Master of atmosphere Charles Zana, is known to favor sober lines, fluid elegance, flawless color schemes. An architect first and foremost, he loves to play with volumes and spaces, “to go across borders”, as he says, quoting Ettore Sottsass. With that same architectural spirit, he creates custom-made furniture, designed to fill a specific space with harmonious functionality and warm livability.
His exceptional work is now at the center of a rich monograph, “Charles Zana: The Art of Interiors”, published by Rizzoli. In this fascinating book, set to become first on any coffee-table book list, we discover an array of unique homes, in which Zana seems to embrace the original architectural elements from the past and lure them into a very contemporary atmosphere. His cultivated eye, his timeless style and his unparalleled use of colors, make him a true master of architectural poetry. On the eve of the presentation and signing of his book at Phillips’ in London, we asked Charles Zana to select some iconic images of his work and to comment on them.
1. I designed this space for the 2013 edition of AD Intérieurs exhibition. It was an important moment for me, because I realized the emotion and warmth that one can create when decorating a room. I also realized that what I love most about my job is to make a contemporary statement within an old setting. For this interior, I designed a sofa and some consoles that I mixed with works by other designers. Then I added a light touch to the windows by creating lightly dégradé curtains starting from the floor all the way up to the ceiling. In this exhibition, I really enjoyed working on the notion of conviviality: it’s a kitchen and a living room at the same time, it’s something that speaks to and of me, as I like having friends around and sharing in a convivial way… I often quote Ettore Sottsass, his ability to “go across borders”: that exhibition was a key moment for me, when I really “went across” the kitchen and the living room and brought them together: it’s no longer a kitchen in a living room, it’s a living room in the kitchen!
2. Ah… Venice! Obviously, Venice…! A Venetian Palazzo for an art collector… I like this picture, because the cropping leaves out part of the painting. For this palazzo steeped in history, I had to work with Venetian architecture – a very, very classical architecture- and making a point of not buying into the stucco cliché! So, I only kept the beautiful walnut doors and the stone frames, and had the old stucco and terrazzo floors carefully stripped. Patterns and colors came alive again on those fantastic 17th century floors… I decided to keep the original terrazzo everywhere, up to the bathrooms, even if some parts were slightly cracked, or damaged. In this palazzo, it goes without saying, all the ceilings have frescos, and we used those frescos as a starting point to choose the color palette for each room. For instance, that particular green on the wall echoes the green of a warrior’s armor vest painted on the above ceiling… It soon became like a game, my game: all the colors on the walls had to be in the fresco on the ceiling. I designed a sofa especially for this place, and its brick color recalls the classic Venetian hues… My other very “Venetian gesture” was to use tone on tone fabrics for the curtains and the walls. We made these fabrics bespoke, by reprinting the motifs of some ancient Venetian fabrics…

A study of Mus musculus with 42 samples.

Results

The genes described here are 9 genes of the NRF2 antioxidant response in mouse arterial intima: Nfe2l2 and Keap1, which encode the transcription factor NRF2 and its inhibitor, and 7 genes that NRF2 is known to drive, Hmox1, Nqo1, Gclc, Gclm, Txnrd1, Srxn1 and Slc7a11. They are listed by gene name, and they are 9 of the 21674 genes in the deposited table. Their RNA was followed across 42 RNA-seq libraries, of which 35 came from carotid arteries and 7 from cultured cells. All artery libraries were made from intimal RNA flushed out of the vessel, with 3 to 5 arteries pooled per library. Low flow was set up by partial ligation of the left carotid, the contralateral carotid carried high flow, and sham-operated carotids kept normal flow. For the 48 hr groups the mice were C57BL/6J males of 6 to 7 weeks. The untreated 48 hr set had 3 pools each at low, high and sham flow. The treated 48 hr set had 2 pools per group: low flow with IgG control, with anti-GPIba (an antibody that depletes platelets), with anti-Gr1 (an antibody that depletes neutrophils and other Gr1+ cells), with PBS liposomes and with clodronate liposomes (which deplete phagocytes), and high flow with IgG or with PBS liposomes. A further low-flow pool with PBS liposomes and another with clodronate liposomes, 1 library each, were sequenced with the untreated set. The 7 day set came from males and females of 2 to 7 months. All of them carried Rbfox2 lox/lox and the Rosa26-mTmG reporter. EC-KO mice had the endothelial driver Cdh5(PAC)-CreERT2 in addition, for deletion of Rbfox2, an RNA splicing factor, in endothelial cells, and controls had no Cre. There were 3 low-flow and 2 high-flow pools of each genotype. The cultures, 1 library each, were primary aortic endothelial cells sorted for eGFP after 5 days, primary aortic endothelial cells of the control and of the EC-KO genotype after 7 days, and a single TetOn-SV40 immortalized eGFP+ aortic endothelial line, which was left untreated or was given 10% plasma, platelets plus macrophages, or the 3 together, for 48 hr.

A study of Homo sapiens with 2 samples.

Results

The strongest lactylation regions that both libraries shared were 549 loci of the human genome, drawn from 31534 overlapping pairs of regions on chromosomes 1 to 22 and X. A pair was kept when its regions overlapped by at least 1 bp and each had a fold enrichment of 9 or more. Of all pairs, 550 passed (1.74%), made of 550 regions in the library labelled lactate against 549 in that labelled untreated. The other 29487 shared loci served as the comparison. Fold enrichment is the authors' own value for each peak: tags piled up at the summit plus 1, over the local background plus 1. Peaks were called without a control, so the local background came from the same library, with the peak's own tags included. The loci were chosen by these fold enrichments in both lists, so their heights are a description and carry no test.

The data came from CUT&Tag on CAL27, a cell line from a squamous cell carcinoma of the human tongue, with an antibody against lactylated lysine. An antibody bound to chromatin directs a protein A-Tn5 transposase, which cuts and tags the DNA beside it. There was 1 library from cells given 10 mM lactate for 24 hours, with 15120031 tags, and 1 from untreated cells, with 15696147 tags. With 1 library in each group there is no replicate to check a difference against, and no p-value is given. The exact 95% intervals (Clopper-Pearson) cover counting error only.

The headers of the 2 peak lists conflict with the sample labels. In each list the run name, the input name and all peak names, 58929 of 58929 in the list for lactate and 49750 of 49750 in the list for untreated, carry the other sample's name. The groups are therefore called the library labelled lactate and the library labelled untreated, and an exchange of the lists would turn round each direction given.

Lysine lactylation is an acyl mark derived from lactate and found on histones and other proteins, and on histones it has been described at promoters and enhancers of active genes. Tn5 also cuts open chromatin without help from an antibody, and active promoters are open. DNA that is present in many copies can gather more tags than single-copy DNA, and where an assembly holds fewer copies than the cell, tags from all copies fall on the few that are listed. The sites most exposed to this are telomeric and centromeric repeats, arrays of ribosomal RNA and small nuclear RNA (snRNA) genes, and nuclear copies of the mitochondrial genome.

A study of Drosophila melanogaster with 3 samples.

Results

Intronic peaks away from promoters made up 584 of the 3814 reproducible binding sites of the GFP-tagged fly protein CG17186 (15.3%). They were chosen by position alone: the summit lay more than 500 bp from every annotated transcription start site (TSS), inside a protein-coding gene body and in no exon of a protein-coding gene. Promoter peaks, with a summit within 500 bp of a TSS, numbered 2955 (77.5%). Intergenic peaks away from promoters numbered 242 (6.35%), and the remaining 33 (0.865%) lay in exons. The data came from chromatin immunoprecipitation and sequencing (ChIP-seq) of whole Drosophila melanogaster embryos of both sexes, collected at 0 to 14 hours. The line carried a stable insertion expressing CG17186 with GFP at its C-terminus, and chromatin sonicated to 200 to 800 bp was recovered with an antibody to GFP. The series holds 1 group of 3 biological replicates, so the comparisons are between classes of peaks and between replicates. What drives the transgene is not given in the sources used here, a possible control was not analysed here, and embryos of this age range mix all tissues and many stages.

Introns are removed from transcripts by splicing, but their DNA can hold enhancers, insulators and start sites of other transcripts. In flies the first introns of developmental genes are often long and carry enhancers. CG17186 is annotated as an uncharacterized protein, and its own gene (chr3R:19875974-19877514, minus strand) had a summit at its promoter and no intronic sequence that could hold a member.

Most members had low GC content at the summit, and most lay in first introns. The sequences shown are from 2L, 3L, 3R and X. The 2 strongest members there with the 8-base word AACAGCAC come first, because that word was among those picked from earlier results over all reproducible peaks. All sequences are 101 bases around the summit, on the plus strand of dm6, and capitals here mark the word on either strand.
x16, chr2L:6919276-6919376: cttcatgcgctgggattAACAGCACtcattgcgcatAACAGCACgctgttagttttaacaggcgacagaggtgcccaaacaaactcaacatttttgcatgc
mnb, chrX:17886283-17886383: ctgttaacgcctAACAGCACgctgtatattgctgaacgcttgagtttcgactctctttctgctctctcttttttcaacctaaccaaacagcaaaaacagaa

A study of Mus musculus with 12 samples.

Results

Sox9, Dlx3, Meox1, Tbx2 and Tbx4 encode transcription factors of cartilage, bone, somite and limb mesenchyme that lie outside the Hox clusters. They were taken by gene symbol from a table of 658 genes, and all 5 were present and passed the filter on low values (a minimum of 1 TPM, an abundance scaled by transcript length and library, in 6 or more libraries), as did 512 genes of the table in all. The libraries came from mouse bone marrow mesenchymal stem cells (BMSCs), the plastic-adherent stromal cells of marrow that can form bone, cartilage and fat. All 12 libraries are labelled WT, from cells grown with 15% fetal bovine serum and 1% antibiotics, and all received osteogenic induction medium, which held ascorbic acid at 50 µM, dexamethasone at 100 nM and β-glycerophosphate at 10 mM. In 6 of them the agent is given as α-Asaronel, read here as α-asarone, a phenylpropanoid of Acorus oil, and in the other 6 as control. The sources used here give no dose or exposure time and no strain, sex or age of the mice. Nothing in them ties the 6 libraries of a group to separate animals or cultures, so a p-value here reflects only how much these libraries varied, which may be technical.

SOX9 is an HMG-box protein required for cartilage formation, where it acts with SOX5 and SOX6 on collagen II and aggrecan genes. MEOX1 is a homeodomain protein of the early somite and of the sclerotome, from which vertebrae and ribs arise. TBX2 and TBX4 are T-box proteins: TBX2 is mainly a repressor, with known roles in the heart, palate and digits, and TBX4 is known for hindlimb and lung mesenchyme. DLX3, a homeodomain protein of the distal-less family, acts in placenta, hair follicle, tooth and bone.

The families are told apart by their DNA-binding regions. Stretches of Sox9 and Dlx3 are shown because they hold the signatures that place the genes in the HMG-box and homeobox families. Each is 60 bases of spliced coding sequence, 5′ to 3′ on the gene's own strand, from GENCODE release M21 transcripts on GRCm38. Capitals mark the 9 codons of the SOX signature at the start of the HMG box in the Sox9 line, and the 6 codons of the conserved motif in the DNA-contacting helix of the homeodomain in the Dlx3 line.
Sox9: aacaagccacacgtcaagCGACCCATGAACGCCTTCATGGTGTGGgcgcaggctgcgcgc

3. This is the entrance hall of a very classic, very French, very Haussmann-style apartment, filled with a very nice collection of art and design. So, the first thing we did to make it less conventional was to paint all the wooden floors black. As a rule, most Parisian apartments have these light brown parquets… and we painted all the floors black and the entrance ceiling too… black! It did seem a little crazy at first… What I like, above all, is to always keep the original elements and modernize them… to respect what was before me, while enjoying the freedom of working with a contemporary approach. We tore down some walls and opened up the space; we added a big round sofa that I designed with this idea of conviviality in mind: this is not an art gallery even if there are many artworks and objects; this must be a living, livable space.
4. This bathroom is a good example of what I like, because more than just a bathroom, it is a livable space… We used travertine, a material I truly love. The sculpted bathtub, the furniture and the Nomad stools that I designed, they all are made of travertine. Then I added other objects I like: some lamps by the Italian designer Ignazio Gardella, a sculpture on the wall by Thomas Houseago… It is a bathroom, yes, but it is a livable space!